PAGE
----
Atmospheric Model Parameterizations in the Polar Regions Workshop
First Circular Workshop date and venue:
July 12, 2012 National Center for Atmospheric Research Boulder, Colorado, USA
Organized by the International Commission on Polar Meteorology, the workshop will take place immediately following the 7th Antarctic Meteorological Observation, Modeling and Forecasting Workshop (AMOMFW, July 9-11, 2012), http://www.mmm.ucar.edu/events/antarctic12/index.php
Sponsored by the International Commission on Polar Meteorology (ICPM) and the National Center for Atmospheric Research (NCAR).
Organizing committee: Irina Gorodetskaya (Catholic University of Leuven, Belgium), Matthew Lazzara (University of Wisconsin-Madison, USA), Thomas Lachlan-Cope (British Antarctic Survey, UK), Maria Tsukernik (Brown University, USA), Jordan Powers (National Center for Atmospheric Research, USA), John Cassano (University of Colorado at Boulder, USA).
Goal: Bridging the gap between observations and numerical modeling of the polar regions
Scientific Motivation and Objectives:
When atmospheric models are used to study the sensitivity of surface mass and energy budgets of the polar regions to climatic changes, it is important that all components of the atmospheric hydrologic cycle, as well as turbulent and radiative fluxes are correctly represented. All global and regional weather and climate models without exception suffer from misrepresentation of processes like the aforementioned, with important consequences for the surface mass and energy budgets. E.g., most models are found incapable of sustaining high amounts of liquid water in polar clouds without producing precipitation with consequences for cloud and precipitation properties. Another example is the inability of most models to correctly represent the surface albedo and increased surface longwave warming induced by water vapor and changing cloud properties, all being important players in the Arctic sea ice melt.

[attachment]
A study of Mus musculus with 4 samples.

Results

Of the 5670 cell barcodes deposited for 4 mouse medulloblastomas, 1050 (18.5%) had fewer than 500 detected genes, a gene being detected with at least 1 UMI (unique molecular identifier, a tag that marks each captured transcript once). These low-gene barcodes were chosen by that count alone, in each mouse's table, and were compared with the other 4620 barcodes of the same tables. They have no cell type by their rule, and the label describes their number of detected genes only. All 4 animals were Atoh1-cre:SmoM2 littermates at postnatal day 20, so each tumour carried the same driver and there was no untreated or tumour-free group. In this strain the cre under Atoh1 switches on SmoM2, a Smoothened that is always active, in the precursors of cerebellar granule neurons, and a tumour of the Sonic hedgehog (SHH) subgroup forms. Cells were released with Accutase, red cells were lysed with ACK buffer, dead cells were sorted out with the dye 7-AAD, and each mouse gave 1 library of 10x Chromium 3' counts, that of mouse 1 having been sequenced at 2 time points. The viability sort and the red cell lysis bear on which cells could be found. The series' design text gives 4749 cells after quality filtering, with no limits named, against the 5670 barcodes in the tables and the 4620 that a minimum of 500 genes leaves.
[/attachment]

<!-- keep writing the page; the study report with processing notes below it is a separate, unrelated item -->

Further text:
In order to gain confidence in the model integrations for the present atmosphere and future climate, a detailed model evaluation is necessary. The new era of observations have started, including new generation space-borne active and passive remote sensing providing accurate information about water vapor, clouds, snowfall and radiation particularly in the polar regions (cloud and precipitation microphysical properties from CALIPSO and CloudSat, integrated water vapor from CHAMP/GPS andNOAA-AMSU-B, radiative fluxes from MODIS, etc). Also new comprehensive in- situ ground-based remote sensing and air-borne measurements have been performed at various sites around Arctic and Antarctic. There is an increasing need for assimilating the new data sets into numerical weather prediction models and using them for improving parameterizations within the regional and global climate and weather models. This workshop will bring together the knowledge of recent and long- term observations and model representations of the Arctic and Antarctic atmospheric processes.
The one-day workshop will consist of presentations followed by topic-focused discussions. We aim at having an exchange of ideas of model validation, improvements of parameterizations and the need for targeted measurement campaigns useful for model improvement. Sample topics to be addressed during the workshop include (but are not limited to):
- Boundary layer and turbulent fluxes - Meso-scale dynamics - Hydrologic cycle including, water vapor, clouds and precipitation - Radiation
Other topics are also most welcome and we look forward to participation of everyone interested in atmospheric model parameterizations in both Arctic and Antarctic!
For more information on the Workshop, please contact:
Dr. Irina Gorodetskaya, chair of the organizing committee email@example.com and Dr. Matthew Lazzara
Please check the AMOMFW website for future updates about the workshop (the link to the workshop webpage coming soon).